Coronavirus is not a joke. People are emptying store shelves to stock up on canned tuna, drinking water and toilet paper. Suddenly people are associating the current crisis with the Black Plague, Spanish Flu of 1918 and photos of empty shelves in Venezuelan supermarkets. The current crisis is real – and we may have to deal with it for a while. But what does it mean when it comes to being able to refinance your home?
If I were to name one relatively positive side-effect of the virus, it would be that interest rates have fallen by about 1 percent from the same time in 2019, mostly since the global outbreak. If you took out a mortgage loan at a higher rate in place beforehand, it may make sense to refinance. My previous blog “Should You Refinance?” addresses many questions or doubts you may have. Or you can call us at An Opportune, Inc., and we’d be happy to speak with you about your concerns.
Here’s the flip side of the issue, namely, that it doesn’t always make sense to refinance. Let’s consider a few scenarios.
You have only a few years left on your loan. Time to refinance?
There are many reasons that you may want or need to refinance your property. But refinancing to get a lower monthly payment that at the same time greatly extends the repayment term of your loan does not make sense in this scenario. Unless you customized the terms of your original loan, by refinancing you will start the clock all over again and will likely face another 30-year framework anew.
You are not planning to spend more than a few more years in your home
Most likely, there will be closing costs associated with refinancing your property. Therefore, you should consider when the break-even point would occur – when your refinancing starts saving money for you after closing costs have been covered. A typical refinance without any subsidies, such as lender’s credit, for example, costs about $2,000 in the Chicago area, sometimes more. So you would divide $2,000 by the monthly savings that refinancing would yield to determine how many months it will take to reach the break-even point to cover the expense of closing costs. If your break-even point is 36 months, for example, but you are planning to sell the property within that same three-year time frame, it makes no sense to spend money to refinance.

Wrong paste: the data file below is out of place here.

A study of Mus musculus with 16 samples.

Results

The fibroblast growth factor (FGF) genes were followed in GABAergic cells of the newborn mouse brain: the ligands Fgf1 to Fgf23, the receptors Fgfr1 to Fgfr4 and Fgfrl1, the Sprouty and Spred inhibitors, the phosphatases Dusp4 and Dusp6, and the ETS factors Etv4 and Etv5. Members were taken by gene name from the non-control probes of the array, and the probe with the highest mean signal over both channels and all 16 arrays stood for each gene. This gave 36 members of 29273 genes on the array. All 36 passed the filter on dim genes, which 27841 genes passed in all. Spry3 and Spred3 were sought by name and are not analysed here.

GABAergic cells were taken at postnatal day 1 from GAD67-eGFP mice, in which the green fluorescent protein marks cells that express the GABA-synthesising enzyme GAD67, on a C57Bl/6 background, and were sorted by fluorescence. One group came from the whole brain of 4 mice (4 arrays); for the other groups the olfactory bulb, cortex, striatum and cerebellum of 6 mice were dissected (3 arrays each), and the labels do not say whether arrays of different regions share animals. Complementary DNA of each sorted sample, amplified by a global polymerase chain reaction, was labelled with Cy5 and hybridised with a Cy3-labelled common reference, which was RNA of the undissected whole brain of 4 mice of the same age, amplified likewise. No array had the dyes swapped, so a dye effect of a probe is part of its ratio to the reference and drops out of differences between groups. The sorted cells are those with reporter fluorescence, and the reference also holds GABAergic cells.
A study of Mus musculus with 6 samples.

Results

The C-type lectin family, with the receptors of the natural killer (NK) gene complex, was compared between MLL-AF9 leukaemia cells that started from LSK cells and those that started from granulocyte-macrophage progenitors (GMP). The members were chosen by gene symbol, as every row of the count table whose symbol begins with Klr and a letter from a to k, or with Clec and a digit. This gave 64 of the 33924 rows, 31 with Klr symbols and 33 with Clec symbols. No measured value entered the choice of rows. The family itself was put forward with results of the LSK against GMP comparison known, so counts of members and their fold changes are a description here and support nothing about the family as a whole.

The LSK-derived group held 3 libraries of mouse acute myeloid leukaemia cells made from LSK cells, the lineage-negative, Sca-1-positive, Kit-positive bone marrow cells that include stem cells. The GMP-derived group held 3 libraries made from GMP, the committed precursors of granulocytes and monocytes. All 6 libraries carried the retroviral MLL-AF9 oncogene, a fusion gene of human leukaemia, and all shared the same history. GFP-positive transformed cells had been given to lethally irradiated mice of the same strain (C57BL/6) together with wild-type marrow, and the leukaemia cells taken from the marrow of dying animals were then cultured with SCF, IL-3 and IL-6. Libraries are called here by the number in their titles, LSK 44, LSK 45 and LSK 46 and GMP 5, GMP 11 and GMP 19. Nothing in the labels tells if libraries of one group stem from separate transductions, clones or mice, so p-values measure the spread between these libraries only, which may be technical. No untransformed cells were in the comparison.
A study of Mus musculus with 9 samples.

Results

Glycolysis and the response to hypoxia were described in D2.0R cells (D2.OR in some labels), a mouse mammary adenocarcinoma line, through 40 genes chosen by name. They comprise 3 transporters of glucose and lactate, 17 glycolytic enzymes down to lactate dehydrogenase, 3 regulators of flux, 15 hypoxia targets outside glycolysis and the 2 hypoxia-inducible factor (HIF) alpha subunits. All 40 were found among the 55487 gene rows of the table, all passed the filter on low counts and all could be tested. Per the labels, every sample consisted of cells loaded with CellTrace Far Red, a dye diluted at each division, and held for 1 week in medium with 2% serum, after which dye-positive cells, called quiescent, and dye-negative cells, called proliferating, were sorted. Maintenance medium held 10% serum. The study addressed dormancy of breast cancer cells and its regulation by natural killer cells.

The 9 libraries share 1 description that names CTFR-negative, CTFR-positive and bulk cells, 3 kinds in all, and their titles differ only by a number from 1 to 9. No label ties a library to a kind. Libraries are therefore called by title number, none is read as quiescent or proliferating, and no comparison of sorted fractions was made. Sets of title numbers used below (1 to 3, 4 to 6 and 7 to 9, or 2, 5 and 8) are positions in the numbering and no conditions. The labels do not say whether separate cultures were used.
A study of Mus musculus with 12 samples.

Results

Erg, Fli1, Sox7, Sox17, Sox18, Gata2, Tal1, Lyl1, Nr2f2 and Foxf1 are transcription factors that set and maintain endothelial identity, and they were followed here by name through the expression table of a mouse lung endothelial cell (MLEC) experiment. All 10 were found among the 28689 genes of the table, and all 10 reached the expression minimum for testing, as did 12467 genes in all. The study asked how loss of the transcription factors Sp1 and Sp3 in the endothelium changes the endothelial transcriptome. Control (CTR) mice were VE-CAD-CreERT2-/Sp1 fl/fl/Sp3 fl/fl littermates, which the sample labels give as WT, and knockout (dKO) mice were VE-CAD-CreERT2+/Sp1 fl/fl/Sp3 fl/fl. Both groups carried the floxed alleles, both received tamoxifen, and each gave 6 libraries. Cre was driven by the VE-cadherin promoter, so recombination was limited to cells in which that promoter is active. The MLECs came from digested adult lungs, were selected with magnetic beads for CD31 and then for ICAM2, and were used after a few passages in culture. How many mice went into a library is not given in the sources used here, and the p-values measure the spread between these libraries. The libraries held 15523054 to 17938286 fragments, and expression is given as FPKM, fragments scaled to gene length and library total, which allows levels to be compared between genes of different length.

You are switching the term of your loan from 30 years to 15 years
Refinancing for a shorter term is always a great idea in theory, but it may not be practical if you are not certain about your income stream. How sure are you that you can meet the higher monthly payment that switching to a 15-year fixed would entail? Is your employment situation solid? Is some or most of your income based on commissions – and if so, do your commissions fluctuate with the seasons? Do you anticipate incurring any major expenses, such as the start of college-tuition payments or a buying a new car, in the next few years? These situations, among others, show that while switching from a 30-year fixed to a 15-year fixed makes sense in pure economic terms, it does not necessarily make sense across the board regardless of one’s individual financial situation.
You switch from a fixed-rate loan to an ARM (Adjustable-Rate Mortgage)
This type of refinancing makes sense only when you get a lower rate on an ARM and you plan to keep your property for a period that does not exceed the term of the ARM’s fixed option. For example, a 5/1 ARM, 7/1 ARM or 10/1 ARM means that the fixed term of the loan will not change for 5, 7 or 10 years, respectively.
There are many reasons to refinance and some reasons not to. It makes sense to educate yourself about the pros and cons of the process. At An Opportune, Inc., we will help you navigate through the myriad options available in the world of mortgage lending. Our expertise is second to none – so contact us when you’re considering whether or not to refinance.
And in all honesty, we would rather see higher interest rates and no coronavirus. But I digress.